Researchers hailed the Supreme Court ruling Wednesday that bans the patenting of human DNA, saying it would expand access to genetic testing for disease at lower cost to patients.
In a unanimous decision, the justices said Myriad Genetics did not have exclusive rights to the BRCA 1 and BRCA 2 genes that are linked to significantly greater risk for breast cancer and thus should not be the only company allowed to test for it.
"Myriad did not create anything," Justice Clarence Thomas wrote for his fellow justices. "To be sure, it found an important and useful gene, but separating that gene from its surrounding genetic material is not an act of invention."
The ruling could have broad implications as scientists continue to work on identifying gene sequences as a way of providing "personalized" medicine — developing tests that predict who is at greater risk of contracting illnesses and enabling patients to take preventive measures to head off the disease.
Myriad was sued by the American Civil Liberties Union on behalf of patients and researchers, including Dr. Haig Kazazian, a professor at the McKusick-Nathans Institute of Genetic Medicine at the Johns Hopkins University.
Kazazian had been testing hundreds of patients a year for BRCA when a letter from Myriad arrived in 1999 at the University of Pennsylvania lab where he was working: "Cease and desist."
"We actually had to stop," said Kazazian, a bit of outrage still evident in his voice 14 years later. "This was not good for women who were at risk for this serious disease.
"We had to refer all our patients to Myriad," said Kazazian. "There was no competition, so they could charge whatever they wanted to charge. You couldn't get a second opinion if you had a positive result."
Actress Angelina Jolie recently underwent a double mastectomy after learning she carries the BRCA 1 mutation. Her mother had died of ovarian cancer in 2007 at the age of 56.
Hereditary versions of breast and ovarian cancers make up a fraction of total cases. But BRCA mutations are responsible for most of the inherited forms of those cancers.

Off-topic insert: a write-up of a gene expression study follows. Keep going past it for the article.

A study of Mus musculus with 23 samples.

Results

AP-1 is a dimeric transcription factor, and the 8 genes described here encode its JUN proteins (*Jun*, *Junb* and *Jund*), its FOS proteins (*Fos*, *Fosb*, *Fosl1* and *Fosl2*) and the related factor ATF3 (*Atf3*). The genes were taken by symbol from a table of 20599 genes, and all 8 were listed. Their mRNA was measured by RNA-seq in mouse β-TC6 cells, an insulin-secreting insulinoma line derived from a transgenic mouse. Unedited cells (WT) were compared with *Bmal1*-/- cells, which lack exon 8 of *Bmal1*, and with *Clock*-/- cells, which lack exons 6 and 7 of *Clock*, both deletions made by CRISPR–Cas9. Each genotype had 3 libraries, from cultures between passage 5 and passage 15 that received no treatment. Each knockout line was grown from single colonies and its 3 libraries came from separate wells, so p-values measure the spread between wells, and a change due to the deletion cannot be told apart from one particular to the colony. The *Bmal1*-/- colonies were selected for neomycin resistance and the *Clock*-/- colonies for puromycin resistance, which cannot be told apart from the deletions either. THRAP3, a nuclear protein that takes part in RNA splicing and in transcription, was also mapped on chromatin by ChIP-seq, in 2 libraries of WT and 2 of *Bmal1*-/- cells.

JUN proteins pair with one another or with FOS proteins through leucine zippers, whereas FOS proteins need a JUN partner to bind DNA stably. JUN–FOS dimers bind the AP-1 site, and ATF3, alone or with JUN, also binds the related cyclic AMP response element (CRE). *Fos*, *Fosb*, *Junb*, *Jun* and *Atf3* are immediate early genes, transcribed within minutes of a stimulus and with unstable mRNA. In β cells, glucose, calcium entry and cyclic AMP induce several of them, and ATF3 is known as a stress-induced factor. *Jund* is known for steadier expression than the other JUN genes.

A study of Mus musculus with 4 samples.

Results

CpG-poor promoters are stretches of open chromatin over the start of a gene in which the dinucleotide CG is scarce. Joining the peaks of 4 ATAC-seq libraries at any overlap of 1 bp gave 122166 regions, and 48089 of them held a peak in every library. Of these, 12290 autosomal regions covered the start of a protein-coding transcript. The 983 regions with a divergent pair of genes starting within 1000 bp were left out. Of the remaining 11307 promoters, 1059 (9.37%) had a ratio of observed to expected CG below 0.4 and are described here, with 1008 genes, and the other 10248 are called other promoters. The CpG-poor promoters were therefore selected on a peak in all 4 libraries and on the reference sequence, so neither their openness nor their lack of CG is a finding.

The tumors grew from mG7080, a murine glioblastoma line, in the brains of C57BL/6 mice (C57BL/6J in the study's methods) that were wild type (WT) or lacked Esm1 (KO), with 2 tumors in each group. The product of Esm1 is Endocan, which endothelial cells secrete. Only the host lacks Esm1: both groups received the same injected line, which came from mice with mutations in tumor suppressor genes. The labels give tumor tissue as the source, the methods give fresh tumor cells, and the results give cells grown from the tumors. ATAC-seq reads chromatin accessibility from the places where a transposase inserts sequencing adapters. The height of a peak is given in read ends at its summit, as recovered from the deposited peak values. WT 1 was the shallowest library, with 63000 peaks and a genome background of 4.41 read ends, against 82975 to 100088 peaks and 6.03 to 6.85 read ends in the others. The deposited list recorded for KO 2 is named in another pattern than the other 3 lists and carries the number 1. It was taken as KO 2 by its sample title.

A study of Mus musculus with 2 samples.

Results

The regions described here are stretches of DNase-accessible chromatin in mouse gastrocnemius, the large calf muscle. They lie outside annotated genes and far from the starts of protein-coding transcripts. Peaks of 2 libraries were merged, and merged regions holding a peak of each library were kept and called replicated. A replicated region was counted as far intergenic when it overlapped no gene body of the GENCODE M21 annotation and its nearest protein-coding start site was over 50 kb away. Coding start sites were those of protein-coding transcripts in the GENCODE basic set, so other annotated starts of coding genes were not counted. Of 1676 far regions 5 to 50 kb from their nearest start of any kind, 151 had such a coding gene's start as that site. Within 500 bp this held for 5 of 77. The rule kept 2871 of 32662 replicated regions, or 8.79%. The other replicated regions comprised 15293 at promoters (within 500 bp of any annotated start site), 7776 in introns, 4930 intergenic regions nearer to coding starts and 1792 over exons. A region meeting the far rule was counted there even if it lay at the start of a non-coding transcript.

Dr. Alan Shuldiner, who directs the University of Maryland's program in personalized and genomic medicine, expects the Supreme Court ruling to increase access to testing. He noted that one company is the sole tester for an uncommon form of diabetes because it has a patent.
"I think more people will be screened pre-emptively," he said, "and costs will come down."
The ruling did not go entirely against Myriad. The justices' ban on the patenting of genes applies only to natural human genes; synthetically produced genetic material known as cDNA can still be patented.
"There is still some room here," Shuldiner said. "Where more money is to be made is with the identification of the genetic cause of a disease — that essentially identifies new targets for pharmaceutical companies to develop new drugs. And that's perfectly patentable."
"It's a huge step forward in clarifying whether the discovering of genetic information can be patented, and the answer is no," said Dr. Jeffrey Kahn, professor of bioethics and public policy at Hopkins' Berman Institute of Bioethics.
Kahn said it was telling that Myriad's stock initially rose after the ruling, before ending the day down 5 percent. Rather than squelch research and development, he said, the ruling could spark more of it.
"That is how the system ought to work," he said, with basic science conducted at universities or agencies such as the National Institutes of Health, then made available for everyone to use, including private companies that develop tests and treatments.
The ruling should "provide greater incentive to innovate," he said, "but we'll see."
Industry lawyers had worried that the court might issue a sweeping decision that wiped away patents for genetically engineered drugs or farm products on the theory that they were derived from or copied from natural genes.